Top positive review
5 of 5 people found this helpful
Not at all a disappointment-it's a gripping book
on October 18, 2005
This is probably my favorite book on leadership issues. First, it lays you out...Gunderson draws you in with a great story that is interesting and then drops the bomb...the point that brings conviction of a character defect.
As a pastor who has been training leaders for years, this is a GREAT book!. It's not at all like other leadership books. If you are studying leadership issues, read this book!
He starts out not with the popular definitions of leadership that Maxwell and others use...like 'leadership is influence'. He starts with Jesus' definition of leadership...that if you want to be a great leader you must be a servant of all. He breaks down the etymology of the Greek word for servant in that verse and applies the etymology of that word in a story like fashion. It is possible to dive into the land of etymological fallacies when one does this, but I don't think that Gunderson commits that sin. He's careful to say that the word servant shares similar roots...but never crosses the line of etymological fallacy.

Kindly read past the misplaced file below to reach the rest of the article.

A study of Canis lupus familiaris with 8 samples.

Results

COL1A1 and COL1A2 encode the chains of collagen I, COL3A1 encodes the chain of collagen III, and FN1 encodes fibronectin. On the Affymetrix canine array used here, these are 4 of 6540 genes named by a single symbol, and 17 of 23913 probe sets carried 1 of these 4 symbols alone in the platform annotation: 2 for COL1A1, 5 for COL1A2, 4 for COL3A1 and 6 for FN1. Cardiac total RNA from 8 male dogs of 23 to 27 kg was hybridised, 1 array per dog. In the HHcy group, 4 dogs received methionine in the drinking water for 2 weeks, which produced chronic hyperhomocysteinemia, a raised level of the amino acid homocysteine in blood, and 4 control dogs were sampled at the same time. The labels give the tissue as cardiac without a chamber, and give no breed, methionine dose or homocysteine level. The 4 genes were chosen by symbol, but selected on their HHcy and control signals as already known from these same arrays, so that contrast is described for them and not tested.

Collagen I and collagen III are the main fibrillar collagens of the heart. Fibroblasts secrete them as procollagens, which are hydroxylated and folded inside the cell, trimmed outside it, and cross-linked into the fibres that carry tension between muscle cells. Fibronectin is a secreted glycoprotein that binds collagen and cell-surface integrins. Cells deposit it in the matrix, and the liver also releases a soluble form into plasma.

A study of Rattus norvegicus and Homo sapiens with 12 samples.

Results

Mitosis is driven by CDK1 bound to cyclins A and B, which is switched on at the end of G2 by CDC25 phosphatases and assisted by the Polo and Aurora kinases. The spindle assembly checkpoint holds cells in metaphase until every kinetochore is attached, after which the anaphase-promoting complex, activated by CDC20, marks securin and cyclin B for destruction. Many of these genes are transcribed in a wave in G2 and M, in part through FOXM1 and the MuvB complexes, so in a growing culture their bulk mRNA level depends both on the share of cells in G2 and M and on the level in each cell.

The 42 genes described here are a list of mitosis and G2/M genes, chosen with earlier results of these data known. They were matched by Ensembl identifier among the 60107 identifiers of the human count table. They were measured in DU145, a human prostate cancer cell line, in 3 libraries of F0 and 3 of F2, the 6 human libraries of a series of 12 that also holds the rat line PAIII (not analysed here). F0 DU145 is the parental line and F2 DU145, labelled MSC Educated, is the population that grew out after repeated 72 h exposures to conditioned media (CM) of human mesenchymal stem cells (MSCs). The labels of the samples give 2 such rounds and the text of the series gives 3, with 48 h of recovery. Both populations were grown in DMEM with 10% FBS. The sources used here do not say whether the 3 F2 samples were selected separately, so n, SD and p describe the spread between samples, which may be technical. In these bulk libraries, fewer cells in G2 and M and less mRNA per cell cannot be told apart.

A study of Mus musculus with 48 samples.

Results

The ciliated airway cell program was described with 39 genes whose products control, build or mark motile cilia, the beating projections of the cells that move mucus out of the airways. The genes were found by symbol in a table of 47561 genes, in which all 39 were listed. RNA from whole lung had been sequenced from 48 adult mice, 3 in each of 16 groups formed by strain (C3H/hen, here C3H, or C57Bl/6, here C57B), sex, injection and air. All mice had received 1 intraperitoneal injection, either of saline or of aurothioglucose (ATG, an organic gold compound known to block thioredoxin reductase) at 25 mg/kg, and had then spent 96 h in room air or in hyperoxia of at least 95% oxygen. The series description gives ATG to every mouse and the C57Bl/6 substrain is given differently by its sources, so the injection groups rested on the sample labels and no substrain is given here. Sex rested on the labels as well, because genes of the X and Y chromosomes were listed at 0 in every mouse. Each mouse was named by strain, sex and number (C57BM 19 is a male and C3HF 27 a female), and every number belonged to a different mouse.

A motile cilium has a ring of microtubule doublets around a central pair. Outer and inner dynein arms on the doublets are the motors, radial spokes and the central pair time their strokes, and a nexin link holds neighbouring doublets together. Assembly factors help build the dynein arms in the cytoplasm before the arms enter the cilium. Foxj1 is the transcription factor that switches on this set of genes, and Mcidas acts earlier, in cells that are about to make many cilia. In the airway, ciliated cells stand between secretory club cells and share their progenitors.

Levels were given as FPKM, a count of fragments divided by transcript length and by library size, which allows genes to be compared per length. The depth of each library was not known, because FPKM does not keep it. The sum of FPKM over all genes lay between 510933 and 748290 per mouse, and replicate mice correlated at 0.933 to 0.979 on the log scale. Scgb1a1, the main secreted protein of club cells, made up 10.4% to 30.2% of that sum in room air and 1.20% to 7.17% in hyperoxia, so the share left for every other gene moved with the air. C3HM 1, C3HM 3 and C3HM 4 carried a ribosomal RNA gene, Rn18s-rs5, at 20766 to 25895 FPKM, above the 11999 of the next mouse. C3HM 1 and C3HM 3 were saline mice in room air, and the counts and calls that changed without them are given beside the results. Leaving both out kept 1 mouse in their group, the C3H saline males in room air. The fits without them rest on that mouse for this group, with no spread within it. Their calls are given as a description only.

(See Exegetical Fallacies by D.A. Carson if you aren't sure what I'm talking about-it has to do with popular writing and preaching that abuses language components in Greek to make fine sounding arguments). I think that Gunderson has managed to use language components well withough violating grammatical/lexical rules. Very well done!!
There is depth of thought and enjoyable reading all blended together. It's like sitting by a fire listening to great stories which have even greater points to them.
I thought the one reviewer who kinda blasted this book had some good points, but really did not give a high enough rating for this wonderful little book...that has helped me in leadership issues more than any other book I own...including all of the fine Maxwell materials I own.
This is one for leaders to use in training other leaders.